How do we predict flooding, and what can we do about it?
By Hannah Chinn/WHYY
The worst of the flooding brought by Tropical Storm Isaias may be over. But it serves as a harbinger of what could come next time.
When the storm swept through the mid-Atlantic Tuesday, it left power outages, destroyed buildings, and submerged streets in its wake. And although all tornado watches and flash flood warnings were canceled by evening, the Philadelphia region continued to watch the water rise. The city’s Eastwick section was driven underwater yet again. Lansdowne and Upper Darby were covered in mud.
Creeks and rivers in the Delaware River watershed surged to record-breaking heights. In Montgomery County, a stretch of the Perkiomen Creek near Graterford rose to 19.14 feet, surpassing its previous 1935 record by nearly a foot. In Lehigh County, rain from Isaias inundated Allentown’s Jordan Creek until it rose to 11.82 feet, breaking its previous flood record of 11.6 feet set in 1972 by Hurricane Agnes.
The Schuylkill River meets the Delaware in Philadelphia, but it starts more than 100 miles to the northwest, flowing through Schuylkill, Berks, Chester and Montgomery counties before reaching the city. That flow, combined with the dozens of tributaries that run into the shared watershed, means the worst of its storm-driven flooding can start outside the city, too, which can spell catastrophe.
Not included in those numbers are the millions of dollars in damage sustained by the owners of private homes and businesses.
And things are only getting worse. Randy Padfield, PEMA’s acting director, told State Senate committees last year that the frequency and intensity of precipitation events in the northeastern United States have increased by as much as 74%,creating a similar increase in flood damage. And over roughly the last 25 years, the vast majority of flooding reports have been outside established flood zones.
Where are those flood zones, exactly?
Maps available publicly from the Federal Emergency Management Agency indicate which areas of the Philadelphia region are most susceptible, designating special flood areas and future flood risk zones.
FEMA flood hazard map for the Upper Darby area. (Screenshot via National Flood Hazard Layer dataset)
The flood maps indicate 69th Street in Upper Darby as a danger zone, for example; striped blue zones are regulatory floodways, while zones in blue are designated special flood hazard areas and zones in orange are areas that could potentially be at risk from more severe storms.
Even FEMA flood risk maps rely on a limited set of data, said Christiana Pollack, a hydrologist and project manager at Princeton Hydro, an environmental services and engineering firm. Shifting climate, changes in precipitation and water flow, the age of the data used, and even the underlying topological information on which the map is built can affect researchers’ ability to accurately predict floodplains and hazard zones. That’s why waterways like the Perkiomen and Jordan creeks may appear to flood beyond expected boundaries.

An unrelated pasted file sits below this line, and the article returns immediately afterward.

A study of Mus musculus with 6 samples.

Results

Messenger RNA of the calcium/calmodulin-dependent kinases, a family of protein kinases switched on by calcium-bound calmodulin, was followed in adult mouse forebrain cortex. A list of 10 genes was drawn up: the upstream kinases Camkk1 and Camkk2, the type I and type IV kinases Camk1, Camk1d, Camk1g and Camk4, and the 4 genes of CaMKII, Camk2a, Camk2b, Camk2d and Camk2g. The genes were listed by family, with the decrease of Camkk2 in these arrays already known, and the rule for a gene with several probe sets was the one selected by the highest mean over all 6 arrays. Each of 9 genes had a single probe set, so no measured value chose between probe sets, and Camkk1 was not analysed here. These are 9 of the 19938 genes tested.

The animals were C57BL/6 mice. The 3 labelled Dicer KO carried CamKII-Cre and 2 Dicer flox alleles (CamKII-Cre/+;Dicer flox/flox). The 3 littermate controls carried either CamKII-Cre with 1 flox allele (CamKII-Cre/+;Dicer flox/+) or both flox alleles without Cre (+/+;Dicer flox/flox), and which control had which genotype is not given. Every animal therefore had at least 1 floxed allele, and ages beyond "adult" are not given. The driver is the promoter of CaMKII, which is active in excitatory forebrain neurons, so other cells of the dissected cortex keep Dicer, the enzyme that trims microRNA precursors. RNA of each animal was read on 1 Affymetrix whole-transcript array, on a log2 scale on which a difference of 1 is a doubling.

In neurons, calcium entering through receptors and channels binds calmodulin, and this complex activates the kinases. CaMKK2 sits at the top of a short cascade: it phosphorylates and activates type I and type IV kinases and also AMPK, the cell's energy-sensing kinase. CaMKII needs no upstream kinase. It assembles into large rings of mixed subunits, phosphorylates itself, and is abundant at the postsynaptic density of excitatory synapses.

When doing flood analysis and mitigation, researchers start by examining past effects. “The residents in the area usually have a strong memory of what storms have hit the most hard … you can tie their history and memory with the weather record,” Pollack said. “How much rain fell? How quickly did it fall?”
Once a location’s history is understood, it’s a matter of balancing that with future predictions. Particularly severe storms might surpass National Oceanic and Atmospheric Administration criteria for 1% annual chance weather events, commonly referred to as “100-year storm events,” which are hypothetical scenarios used to calculate potential future hazards. “Five hundred-year storm events” are even less likely, so scientists might avoid planning extensive and costly mitigation efforts around them; still, Pollack said, in the event that they do occur, their effects could be catastrophic.
The ability to handle such weather catastrophes is critical.
Hiba Baroud, a professor of civil and environmental engineering at Vanderbilt University, cited three factors: the increasing frequency of natural disasters, more dense urbanized populations, and a growing vulnerability to infrastructural failure.
“Infrastructure systems, especially in this country, were built a very long time ago, at a time where these kinds of storms were not as frequent — and so they were built to certain types of standards that do not apply today and will definitely not apply for future,” she said. “One failure could lead to the deterioration of many other systems.”
For example, Baroud said, a storm’s high winds could cause power outages. Power outages mean residents can’t charge their phones, which in turn means a loss of communication and network connection. But electricity also dictates the function of traffic and transportation systems, the distribution of water, the accessibility of heat.
“We cannot plan for infrastructure resilience and treat these different systems in silos,” she said.
That’s why, even as state and local governments reel from Isaias’ effects and work toward relief and cleanup, Baroud said, it’s essential to plan longer-term.
“No disaster is anything like the others, unfortunately … we continue to see events where we’re going to say, ‘Oh, I’ve never seen something like this,’ or “Oh, that’s the strongest storm I’ve ever witnessed.’ So when we’re planning for the future, it’s important not to plan for events that have already occurred. [You] have to account for the fact that these climate events will become more frequent than you think.”
WHYY is the leading public media station serving the Philadelphia region, including Delaware, South Jersey and Pennsylvania. This story originally appeared on WHYY.org.